Deb Haaland confirmed by the Senate as Secretary of the Interior, making history for Native Americans in politics
Haaland’s post is significant both for the history she makes (again), and the power she will have to carve the future of the U.S. fight against climate change.
In a historic vote on March 15, 2021, former New Mexico Rep. Deb Haaland was confirmed by the Senate to be President Joe Biden’s Secretary of the Interior by a vote of 51 to 40.
With confirmation, Haaland becomes the first Native American to ever be elevated to a cabinet-level position. She is of the Laguna Pueblo tribe, based in New Mexico.
As the Secretary of Interior, Haaland will also play a major role in carrying out the Biden administration’s plans to combat the climate crisis and take the first steps to make the U.S. carbon neutral by 2050, as called for by the administration.
The Department of Interior itself manages one-fifth of all U.S. land and its offshore holdings. Fossil fuel extractions from these U.S. public lands are a major factor in the country’s overall greenhouse gas emissions.
It also looks out for the country’s endangered species and is responsible for maintaining the relationship between the U.S. government and Native American tribes.
At the beginning of her confirmation process, Haaland looked primed to be one of the major targets of Republicans given her past support of major progressive environmental policies.
She was one of the first reps to back the Green New Deal and has called the climate crisis the “challenge of our lifetime.”
Haaland was also highly critical of the Trump administration for its deregulatory agenda, backed limiting fossil fuel extraction on public lands, and opposed fracking.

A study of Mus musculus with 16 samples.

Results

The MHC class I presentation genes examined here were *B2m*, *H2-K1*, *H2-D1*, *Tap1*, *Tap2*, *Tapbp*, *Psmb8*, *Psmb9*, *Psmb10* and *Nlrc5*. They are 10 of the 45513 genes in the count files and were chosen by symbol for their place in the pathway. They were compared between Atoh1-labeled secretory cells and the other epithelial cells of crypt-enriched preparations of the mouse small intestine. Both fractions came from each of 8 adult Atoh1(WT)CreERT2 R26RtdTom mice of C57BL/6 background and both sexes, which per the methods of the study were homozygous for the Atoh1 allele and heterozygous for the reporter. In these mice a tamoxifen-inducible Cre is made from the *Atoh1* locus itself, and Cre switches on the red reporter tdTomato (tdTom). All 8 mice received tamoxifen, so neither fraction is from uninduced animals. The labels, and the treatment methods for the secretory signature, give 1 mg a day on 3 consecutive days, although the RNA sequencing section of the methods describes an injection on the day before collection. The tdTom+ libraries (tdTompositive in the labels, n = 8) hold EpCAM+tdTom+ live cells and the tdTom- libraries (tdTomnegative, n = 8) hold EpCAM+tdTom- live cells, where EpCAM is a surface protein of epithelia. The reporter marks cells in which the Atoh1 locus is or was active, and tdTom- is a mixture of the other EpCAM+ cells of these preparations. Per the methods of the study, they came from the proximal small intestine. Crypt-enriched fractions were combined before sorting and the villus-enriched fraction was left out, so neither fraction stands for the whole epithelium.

Rather than bite on Republican challenges to her past, Haaland promised in the confirmation hearings to support the Biden administration’s goals and not her own.
The former does not support the Green New Deal and has only placed a temporary ban on fossil fuel extraction on public land.
“The president’s agenda demonstrates that America’s public lands can and should be engines for clean energy production,” said Haaland.
Another poignant statement she made during the hearings to emphasize the approach, was to acknowledge the continued use of fossil fuels in the country.
“There’s no question fossil fuel energy does and will continue to play a major role in America for years to come,” she said.
Haaland’s confirmation, while historic, is also nothing new to her. In 2018, she became one of the two first Native American women to be elected to Congress alongside Kansas Rep. Sharice Davids.